December is the season for giving — but don’t forget to give to your future self by ensuring you have a sound retirement plan in place. Here we outline some steps to help ensure your path to retirement is on track as we enter the new year.

1. Evaluate your monthly spending plan. If your income or monthly expenses have changed significantly over the past year, it’s a good time to review your monthly budget. Is there room to reduce expenses in order to put more in your savings or retirement accounts? Even small contributions can add up over time to help get you closer to achieving your financial goals. 

2. Take advantage of employer matching contributions. Contributing enough to your 401(k) and health savings account (HSA) to get the full employer match is a great way to boost your retirement savings. For instance, if your company has a 3% match rate, contributing 3% of your paycheck will basically double your total contributions. Matching amounts can vary among employers, however, and some may not have a match program. If you’re unsure what your company’s match policy is, check with your HR department.

3. Use auto-escalation to increase contributions. While contributing the maximum to your retirement savings accounts is a solid goal, it may not be achievable right now. However, one way to make progress in that direction is to steadily increase your contribution rate with tools like auto-escalation. This is a feature on many retirement plans that automatically increases the amount you save in tax-advantaged retirement savings accounts at certain times, typically 1% per year. For example, if you contribute 5% of your paycheck to your 401(k) this year, using this feature can automatically increase it to 6% next year.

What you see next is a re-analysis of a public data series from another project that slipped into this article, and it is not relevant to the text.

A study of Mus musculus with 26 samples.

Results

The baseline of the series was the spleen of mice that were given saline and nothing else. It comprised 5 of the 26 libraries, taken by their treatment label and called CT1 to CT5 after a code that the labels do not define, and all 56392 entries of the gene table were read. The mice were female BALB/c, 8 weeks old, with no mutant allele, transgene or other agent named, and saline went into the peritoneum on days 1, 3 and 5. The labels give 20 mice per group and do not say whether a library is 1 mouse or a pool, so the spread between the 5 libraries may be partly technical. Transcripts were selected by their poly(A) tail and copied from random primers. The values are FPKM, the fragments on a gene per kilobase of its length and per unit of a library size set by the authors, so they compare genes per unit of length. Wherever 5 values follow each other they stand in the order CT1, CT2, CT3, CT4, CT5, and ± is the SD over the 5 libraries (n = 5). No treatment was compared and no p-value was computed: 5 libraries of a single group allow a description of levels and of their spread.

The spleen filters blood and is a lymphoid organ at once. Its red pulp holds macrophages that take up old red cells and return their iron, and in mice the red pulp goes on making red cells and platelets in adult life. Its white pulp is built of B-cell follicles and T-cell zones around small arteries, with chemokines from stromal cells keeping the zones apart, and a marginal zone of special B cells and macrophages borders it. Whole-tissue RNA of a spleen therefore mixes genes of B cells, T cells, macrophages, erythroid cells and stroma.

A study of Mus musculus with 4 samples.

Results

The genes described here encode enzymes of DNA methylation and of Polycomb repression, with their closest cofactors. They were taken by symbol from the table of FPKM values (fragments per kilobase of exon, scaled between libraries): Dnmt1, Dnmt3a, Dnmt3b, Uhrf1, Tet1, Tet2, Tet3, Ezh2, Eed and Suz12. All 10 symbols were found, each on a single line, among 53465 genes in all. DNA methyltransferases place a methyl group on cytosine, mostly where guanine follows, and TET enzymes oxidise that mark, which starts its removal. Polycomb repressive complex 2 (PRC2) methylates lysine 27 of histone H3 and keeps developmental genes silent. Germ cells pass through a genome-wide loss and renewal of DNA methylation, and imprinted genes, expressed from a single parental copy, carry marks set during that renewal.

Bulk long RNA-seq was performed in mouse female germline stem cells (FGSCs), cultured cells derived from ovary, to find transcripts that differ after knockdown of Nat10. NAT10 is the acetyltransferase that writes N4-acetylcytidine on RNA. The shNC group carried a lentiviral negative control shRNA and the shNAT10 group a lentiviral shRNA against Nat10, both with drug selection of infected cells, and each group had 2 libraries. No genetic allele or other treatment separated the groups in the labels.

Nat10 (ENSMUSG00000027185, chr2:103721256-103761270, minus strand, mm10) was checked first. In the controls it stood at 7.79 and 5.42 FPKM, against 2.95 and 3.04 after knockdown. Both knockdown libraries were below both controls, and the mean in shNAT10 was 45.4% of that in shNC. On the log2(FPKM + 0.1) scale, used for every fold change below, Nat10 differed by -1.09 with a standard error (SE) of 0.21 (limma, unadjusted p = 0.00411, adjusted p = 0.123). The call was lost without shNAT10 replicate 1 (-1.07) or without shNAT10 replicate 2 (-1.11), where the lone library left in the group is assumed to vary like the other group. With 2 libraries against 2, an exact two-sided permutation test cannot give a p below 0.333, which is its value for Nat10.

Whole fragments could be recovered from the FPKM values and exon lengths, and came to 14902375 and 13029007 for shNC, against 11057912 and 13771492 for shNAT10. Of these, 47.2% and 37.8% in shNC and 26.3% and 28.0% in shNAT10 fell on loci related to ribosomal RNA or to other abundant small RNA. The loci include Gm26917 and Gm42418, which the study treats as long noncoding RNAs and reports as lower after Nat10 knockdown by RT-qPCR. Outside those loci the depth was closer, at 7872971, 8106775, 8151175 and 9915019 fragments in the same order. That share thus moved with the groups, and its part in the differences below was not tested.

4. Use windfalls to pack an additional punch. While auto-escalation certainly has its merits, saving unanticipated income can also help you make progress. Transferring bonuses, tax returns or other windfalls into your tax-advantaged accounts are great ways to increase your retirement savings without feeling like you’re compromising on your lifestyle.

5. Max out your retirement contributions. Each year, the IRS sets limits on how much you can contribute to tax-advantaged retirement accounts (i.e., traditional IRA, Roth IRA, 401(k), etc.). For 2024, the contribution limits are:

  • HSA: $4,150 single coverage; $8,300 family coverage. Those 55 and older can contribute an additional $1,000 to the annual limit.
  • 401(k): $23,000 for those 49 years old and younger; $30,500 for those 50 and older.
  • IRA: $7,000 for those 49 and younger; $8,000 for those 50 and older.

The deductibility of traditional IRA contributions may be limited by your and your spouse’s income and access to a workplace retirement savings plan. Along similar lines, you may not be able to contribute to a Roth IRA if your income is too high.

6. Consider advanced savings strategies. If you’re already contributing the maximum amount to your retirement accounts, you can explore other options like a backdoor Roth IRA and mega backdoor Roth strategies. The backdoor Roth IRA can help you gain access to a Roth IRA if your income is too high, while the mega backdoor Roth can enable those with an employer-sponsored retirement plan (e.g., a 401(k) or 403(b)) to potentially save more tax-free funds than the employee elective deferral limits. Talk with your financial advisor and tax professional to determine if either of these strategies are right for you and, if so, how to go about implementing them.

How Edward Jones can help 

Achieving your retirement goals doesn’t have to be a solo effort. Your Edward Jones financial advisor can help guide you toward your ideal retirement.

Edward Jones, its employees and financial advisors cannot provide tax or legal advice.  You should consult your attorney or qualified tax advisor regarding your situation.